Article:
Ancient and Moderne: Quickened VVith Metricall Illvstrations, both Morall and Divine: And disposed into Lotteries, That Instruction, and Good Counsell, may bee furthered by an Honest and Pleasant Recreation. By George Wither


[As is the head-strong Horse, and blockish Mule]

Doe not the golden Meane, exceed,
In Word, in Passion, nor in Deed.

As is the head-strong Horse, and blockish Mule,
Ev'n such, without the Bridle, and the Rule,
Our Nature growes; and, is as mischievous,
Till Grace, and Reason, come to governe us.
The Square, and Bridle, therefore let us heed,
And, thereby learne to know, what helpes wee need;
Lest, else, (they fayling, timely, to bee had)
Quite out of Order, wee, at length, bee made.
The Square, (which is an usefull Instrument,
To shape foorth senselesse Formes) may represent
The Law: Because, Mankind, (which is by Nature,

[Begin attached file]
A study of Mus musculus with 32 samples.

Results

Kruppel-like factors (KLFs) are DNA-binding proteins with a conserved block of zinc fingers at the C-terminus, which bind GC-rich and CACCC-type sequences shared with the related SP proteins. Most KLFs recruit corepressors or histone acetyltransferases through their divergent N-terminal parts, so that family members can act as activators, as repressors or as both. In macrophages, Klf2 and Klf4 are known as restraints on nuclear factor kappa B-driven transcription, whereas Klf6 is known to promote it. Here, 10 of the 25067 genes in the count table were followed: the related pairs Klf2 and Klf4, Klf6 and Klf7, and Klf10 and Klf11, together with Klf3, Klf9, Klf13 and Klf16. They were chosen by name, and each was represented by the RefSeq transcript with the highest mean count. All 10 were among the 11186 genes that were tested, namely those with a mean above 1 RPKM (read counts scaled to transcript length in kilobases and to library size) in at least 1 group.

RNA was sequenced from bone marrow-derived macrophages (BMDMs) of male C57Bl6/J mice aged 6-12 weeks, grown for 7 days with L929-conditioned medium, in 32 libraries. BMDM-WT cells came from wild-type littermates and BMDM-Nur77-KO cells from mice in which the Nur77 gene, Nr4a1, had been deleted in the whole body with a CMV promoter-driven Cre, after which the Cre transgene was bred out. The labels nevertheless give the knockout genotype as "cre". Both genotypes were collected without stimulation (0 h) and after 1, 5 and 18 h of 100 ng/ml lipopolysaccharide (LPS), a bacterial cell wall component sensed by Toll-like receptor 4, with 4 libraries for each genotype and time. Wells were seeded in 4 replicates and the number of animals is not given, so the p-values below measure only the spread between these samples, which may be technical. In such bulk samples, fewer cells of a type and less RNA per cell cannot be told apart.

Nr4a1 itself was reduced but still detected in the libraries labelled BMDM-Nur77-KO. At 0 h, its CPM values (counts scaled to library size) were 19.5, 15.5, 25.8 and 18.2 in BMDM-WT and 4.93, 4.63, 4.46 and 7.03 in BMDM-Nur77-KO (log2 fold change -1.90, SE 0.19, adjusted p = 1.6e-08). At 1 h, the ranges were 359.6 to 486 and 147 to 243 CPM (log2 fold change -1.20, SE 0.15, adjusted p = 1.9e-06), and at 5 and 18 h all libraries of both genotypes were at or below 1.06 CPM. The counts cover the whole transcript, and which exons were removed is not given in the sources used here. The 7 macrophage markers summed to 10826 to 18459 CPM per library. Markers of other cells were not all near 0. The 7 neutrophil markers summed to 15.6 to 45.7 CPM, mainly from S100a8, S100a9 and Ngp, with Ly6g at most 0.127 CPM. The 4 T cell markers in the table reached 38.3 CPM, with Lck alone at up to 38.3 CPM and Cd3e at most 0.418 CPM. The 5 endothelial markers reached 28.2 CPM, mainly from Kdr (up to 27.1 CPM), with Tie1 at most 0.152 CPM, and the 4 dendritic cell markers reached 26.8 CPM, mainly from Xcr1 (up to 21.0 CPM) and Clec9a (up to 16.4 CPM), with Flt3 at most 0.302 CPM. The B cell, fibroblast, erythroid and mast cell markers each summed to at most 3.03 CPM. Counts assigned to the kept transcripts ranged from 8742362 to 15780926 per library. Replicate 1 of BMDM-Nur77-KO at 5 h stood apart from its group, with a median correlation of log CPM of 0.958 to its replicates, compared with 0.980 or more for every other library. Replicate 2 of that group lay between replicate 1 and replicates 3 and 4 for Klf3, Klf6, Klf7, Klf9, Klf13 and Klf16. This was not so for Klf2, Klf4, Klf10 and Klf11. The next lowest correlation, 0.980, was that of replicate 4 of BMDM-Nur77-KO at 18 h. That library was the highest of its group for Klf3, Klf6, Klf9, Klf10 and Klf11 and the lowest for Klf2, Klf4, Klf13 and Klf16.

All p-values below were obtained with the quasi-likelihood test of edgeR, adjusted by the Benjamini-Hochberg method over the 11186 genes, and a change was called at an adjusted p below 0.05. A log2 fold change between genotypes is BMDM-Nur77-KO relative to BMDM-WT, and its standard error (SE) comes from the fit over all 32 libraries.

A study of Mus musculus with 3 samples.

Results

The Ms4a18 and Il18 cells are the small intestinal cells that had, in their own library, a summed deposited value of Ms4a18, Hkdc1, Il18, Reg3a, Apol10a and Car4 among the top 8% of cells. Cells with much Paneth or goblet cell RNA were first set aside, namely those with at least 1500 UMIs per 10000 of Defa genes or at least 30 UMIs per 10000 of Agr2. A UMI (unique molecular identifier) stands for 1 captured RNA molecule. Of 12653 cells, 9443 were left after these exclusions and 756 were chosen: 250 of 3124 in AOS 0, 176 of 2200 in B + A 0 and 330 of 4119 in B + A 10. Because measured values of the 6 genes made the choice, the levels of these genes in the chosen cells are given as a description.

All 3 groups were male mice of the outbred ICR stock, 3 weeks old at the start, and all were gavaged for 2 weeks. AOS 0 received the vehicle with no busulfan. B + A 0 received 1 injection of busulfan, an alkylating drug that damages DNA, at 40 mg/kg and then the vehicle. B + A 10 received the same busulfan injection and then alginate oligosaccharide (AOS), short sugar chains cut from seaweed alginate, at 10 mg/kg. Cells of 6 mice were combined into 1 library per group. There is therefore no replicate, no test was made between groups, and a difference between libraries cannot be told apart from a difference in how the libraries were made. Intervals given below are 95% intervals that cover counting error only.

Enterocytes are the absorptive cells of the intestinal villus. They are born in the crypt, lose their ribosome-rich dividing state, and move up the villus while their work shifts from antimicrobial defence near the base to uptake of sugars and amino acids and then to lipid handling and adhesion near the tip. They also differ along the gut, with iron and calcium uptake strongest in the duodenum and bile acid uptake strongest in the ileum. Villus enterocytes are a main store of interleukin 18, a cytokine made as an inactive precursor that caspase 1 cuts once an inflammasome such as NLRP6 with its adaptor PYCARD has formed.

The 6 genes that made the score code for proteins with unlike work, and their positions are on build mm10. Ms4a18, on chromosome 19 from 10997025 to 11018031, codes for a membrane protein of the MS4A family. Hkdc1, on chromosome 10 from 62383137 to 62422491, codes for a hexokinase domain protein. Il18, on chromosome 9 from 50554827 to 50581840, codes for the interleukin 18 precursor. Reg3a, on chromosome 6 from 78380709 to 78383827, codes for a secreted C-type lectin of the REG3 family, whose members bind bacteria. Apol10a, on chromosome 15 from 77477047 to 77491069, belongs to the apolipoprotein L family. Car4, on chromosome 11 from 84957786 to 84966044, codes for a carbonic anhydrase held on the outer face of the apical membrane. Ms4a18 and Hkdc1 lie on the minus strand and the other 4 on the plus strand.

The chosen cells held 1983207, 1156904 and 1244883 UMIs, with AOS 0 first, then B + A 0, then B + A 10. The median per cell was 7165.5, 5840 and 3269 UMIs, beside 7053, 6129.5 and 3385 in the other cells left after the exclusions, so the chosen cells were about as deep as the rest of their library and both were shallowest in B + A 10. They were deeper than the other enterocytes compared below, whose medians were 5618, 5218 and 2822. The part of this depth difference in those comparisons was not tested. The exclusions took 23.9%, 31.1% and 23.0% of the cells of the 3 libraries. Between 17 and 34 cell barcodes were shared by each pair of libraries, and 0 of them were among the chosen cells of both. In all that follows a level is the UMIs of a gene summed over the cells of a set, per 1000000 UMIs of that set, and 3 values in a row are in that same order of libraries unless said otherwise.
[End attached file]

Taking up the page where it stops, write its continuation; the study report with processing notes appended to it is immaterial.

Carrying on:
Almost as dull, as is the senselesse-creature,)
Is thereby, from the native-rudenesse, wrought;
And, in the Way of honest-living taught.
The Bridle, (which Invention did contrive,
To rule, and guide the Creature-sensitive)
May type forth Discipline; which, when the Law
Hath school'd the Wit, must keepe the Will in awe.
And, hee that can by these, his Passions bound,
This Emblems meaning, usefully, hath found.
Lord, let thy sacred Law, at all times, bee
A Rule, a Master, and a Glasse to mee;
(A Bridle, and a Light) that I may, still,
Both know my Dutie, and obey thy Will.
Direct my Feet; my Hands, instruct thou so,
That I may neither wander, nor mis-doe.
My Lookes, my Hearing, and my Wordes confine,
To keepe still firme, to ev'ry Word of thine.
On thee, let also my Desires attend:
And, let me hold this temper, till mine end.